Orphans clean the Municipal Girls’ Orphanage.Claire K. Racine|Westmore News
Orphans clean the Municipal Girls’ Orphanage.

Claire K. Racine|Westmore News
Audiences can have twice the fun with "Annie, Jr." thanks to double casts of local children.

Everyone knows "Annie," and even if you don't like it, you still wind up smiling at the end, Director Julie Colangelo said. "There's something that makes you adore 'Annie.'"

After directing "Legally Blonde" for the Youth/Teen Theatre summer production, Colangelo, a teacher at the Port Chester Middle School, wanted to choose a well-known musical for the younger children. Cindy Moore provided musical direction for both shows.

Fu r t h e r m o r e , Colangelo picked "Annie, Jr." for the Children's Theatre summer production because of the plethora of characters, but with about 90 children auditioning, it was still necessary to create two entire casts. About 75% of the roles are double cast in the Port Chester Council for the Arts / Village of Port Chester show with only children playing the smallest roles performing in all the shows. There is only one Annie, however. Coaching two girls to play the lead role in five weeks is impractical, and luckily for Colangelo, during auditions, Christina Ledesma stood out as the person able to take the lead in all four performances.

"As soon as I heard the play was 'Annie,' I immediately auditioned," Ledesma said. "It's just a dream."

While the 12-year-old sang "Maybe" when she tried out for the part, it is not her favorite.

"'Tomorrow,' that song is one of my favorite in the entire play," Ledesma said. "I just feel that song so much."

Even though Annie is one of Ledesma's dream roles, she struggled a little initially with her relationship with Miss Hannigan, played by Grace Simmons of Port Chester and Sasha Spitz of Rye.

"Annie hates Miss Hannigan, and I don't really have any hatred against people," she said. Luckily for attendees, Ledesma was able to nail down Annie's anger, as well as her sadness and enthusiasm.

"There's a lot of expressions and emotions that I have to do," she said.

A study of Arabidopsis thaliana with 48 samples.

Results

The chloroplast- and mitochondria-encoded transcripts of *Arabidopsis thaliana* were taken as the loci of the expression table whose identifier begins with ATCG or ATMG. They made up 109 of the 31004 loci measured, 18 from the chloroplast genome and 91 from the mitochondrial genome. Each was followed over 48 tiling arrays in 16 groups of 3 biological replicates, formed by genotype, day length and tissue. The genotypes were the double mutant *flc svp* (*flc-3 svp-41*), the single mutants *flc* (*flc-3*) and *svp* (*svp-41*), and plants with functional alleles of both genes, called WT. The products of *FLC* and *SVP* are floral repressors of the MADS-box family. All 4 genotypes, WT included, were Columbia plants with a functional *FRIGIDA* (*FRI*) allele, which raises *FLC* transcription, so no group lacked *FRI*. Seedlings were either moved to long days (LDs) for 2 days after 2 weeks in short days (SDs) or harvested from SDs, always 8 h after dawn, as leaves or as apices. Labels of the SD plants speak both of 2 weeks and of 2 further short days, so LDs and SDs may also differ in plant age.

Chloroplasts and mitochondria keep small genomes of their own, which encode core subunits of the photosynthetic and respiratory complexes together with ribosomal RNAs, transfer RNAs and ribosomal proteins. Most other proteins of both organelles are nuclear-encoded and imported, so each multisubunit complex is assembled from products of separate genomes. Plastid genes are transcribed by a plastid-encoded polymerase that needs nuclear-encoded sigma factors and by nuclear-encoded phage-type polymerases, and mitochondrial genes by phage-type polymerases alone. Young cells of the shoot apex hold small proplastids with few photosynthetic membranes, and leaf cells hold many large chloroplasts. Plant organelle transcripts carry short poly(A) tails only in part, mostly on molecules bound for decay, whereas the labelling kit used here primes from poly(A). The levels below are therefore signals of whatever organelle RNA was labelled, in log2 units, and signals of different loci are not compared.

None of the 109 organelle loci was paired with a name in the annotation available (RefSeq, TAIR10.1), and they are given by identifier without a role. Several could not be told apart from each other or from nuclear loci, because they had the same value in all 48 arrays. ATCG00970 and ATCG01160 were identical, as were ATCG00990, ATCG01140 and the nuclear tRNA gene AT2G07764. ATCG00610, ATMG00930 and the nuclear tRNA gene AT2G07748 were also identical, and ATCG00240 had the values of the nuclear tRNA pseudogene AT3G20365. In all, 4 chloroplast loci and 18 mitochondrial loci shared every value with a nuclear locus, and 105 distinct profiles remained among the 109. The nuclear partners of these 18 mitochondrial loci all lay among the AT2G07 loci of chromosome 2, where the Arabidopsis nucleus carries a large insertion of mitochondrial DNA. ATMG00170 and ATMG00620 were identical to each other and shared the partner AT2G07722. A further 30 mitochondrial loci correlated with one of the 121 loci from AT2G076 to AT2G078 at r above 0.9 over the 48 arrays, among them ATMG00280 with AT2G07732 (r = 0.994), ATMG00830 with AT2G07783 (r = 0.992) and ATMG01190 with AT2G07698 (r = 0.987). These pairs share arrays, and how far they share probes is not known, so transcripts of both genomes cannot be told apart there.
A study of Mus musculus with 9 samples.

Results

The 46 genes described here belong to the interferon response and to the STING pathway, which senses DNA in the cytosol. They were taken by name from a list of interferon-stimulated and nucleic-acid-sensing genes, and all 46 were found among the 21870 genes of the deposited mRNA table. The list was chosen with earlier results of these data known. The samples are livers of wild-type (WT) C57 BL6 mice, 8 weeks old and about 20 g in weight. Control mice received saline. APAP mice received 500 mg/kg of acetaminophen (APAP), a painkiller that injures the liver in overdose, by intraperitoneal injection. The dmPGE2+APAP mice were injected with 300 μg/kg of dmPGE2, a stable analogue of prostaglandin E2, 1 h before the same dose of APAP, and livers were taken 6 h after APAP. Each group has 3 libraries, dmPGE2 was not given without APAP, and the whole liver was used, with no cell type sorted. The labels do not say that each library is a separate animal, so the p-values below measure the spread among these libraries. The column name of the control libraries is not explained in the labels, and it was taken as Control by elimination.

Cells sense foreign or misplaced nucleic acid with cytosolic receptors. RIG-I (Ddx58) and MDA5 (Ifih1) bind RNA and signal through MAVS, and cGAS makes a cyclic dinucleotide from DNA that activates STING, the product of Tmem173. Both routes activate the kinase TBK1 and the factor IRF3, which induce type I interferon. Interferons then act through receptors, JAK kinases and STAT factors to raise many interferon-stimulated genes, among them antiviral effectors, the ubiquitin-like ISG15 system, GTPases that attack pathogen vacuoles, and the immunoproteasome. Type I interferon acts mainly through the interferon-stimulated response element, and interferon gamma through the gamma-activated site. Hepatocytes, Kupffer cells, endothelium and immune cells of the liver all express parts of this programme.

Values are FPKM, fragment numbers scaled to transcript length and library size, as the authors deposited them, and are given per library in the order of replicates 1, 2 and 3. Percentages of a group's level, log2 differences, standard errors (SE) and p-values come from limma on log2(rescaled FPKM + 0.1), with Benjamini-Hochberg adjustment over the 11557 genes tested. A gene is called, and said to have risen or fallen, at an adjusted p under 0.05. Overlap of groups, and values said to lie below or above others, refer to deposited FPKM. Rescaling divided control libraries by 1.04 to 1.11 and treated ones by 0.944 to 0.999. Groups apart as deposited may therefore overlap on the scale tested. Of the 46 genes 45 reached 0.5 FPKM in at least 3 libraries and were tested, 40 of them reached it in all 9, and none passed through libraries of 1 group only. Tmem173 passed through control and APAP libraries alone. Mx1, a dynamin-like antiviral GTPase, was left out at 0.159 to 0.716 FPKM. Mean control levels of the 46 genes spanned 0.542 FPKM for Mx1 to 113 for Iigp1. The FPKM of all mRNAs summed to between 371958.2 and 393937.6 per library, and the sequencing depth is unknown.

Much of the musical revolves around the relationship between Annie and billionaire Oliver "Daddy" Warbucks.

"I find it very interesting playing someone who has more value than me," said Robert Mickatavage, who plays the role along with fellow Port Chester resident Robert Perrone. "I love playing someone I'm not."

Eli Taylor-Lemire expressed a similar sentiment.

"It's cool getting to be kind of the bad guy, especially when it's a play about all these poor people," the 12-year-old said. Taylor-Lemire plays the "sneaky, slimy guy who's trying to ruin everything," and portraying a villain like Rooster Hannigan, who is also played by Ryan Heffernan of Port Chester, is a first for Taylor-Lemire.

"Even though he's so mean, you kind of feel for him at the same time because he's so poor," the Port Chester resident said.

Rooster's partner in crime is Lily St. Regis, played by Gisella McCallion of Port Chester and Julia Morlino of Rye Brook.

"I'm not used to being this stereotypical dumb blonde," McCallion said.

Her favorite part about being Lily St. Regis is getting to sing "Easy Street."

"It's a really fun song to sing," McCallion said. "It's really upbeat."

The whole show is full of peppy songs, the 13-year-old added. Learning all the lyrics and dancing, in addition to remembering lines, props and blocking can be nerve-racking, especially since they only started working on the musical in June.

"Most shows I do, you have a few months, and we do this in under five weeks," she said.

"It was definitely stressful the first couple weeks," added Ledesma, but it all came together in the end. "It's a lot of work, but it's a fun experience."

Since the Rye Brook resident loves acting, dancing and singing, performing in a musical is not really work for her.

"Maybe someday I'll be on Broadway," Ledesma said.

Until then, audiences can seethe 12-year-old perform this weekend in "Annie, Jr." on Friday, July 26 and Saturday, July 27 at 3 p. m. and 8 p. m. at the Dunn Performing Arts Center at Rye Country Day School, Cedar Street, Rye. Each cast will perform at one matinee and one evening show. Tickets are $12 for the general public, $10 for seniors 65 and older and children 12 and younger. To reserve tickets, call (914) 939-3183 or email pccfasummershows2013@gmail.com. Tickets must be paid for with cash or check only.

Also this summer the PCCFA, in cooperation with the Village of Port Chester, will be producing "The Taming of the Shrew" Aug. 2-4 and 8-10.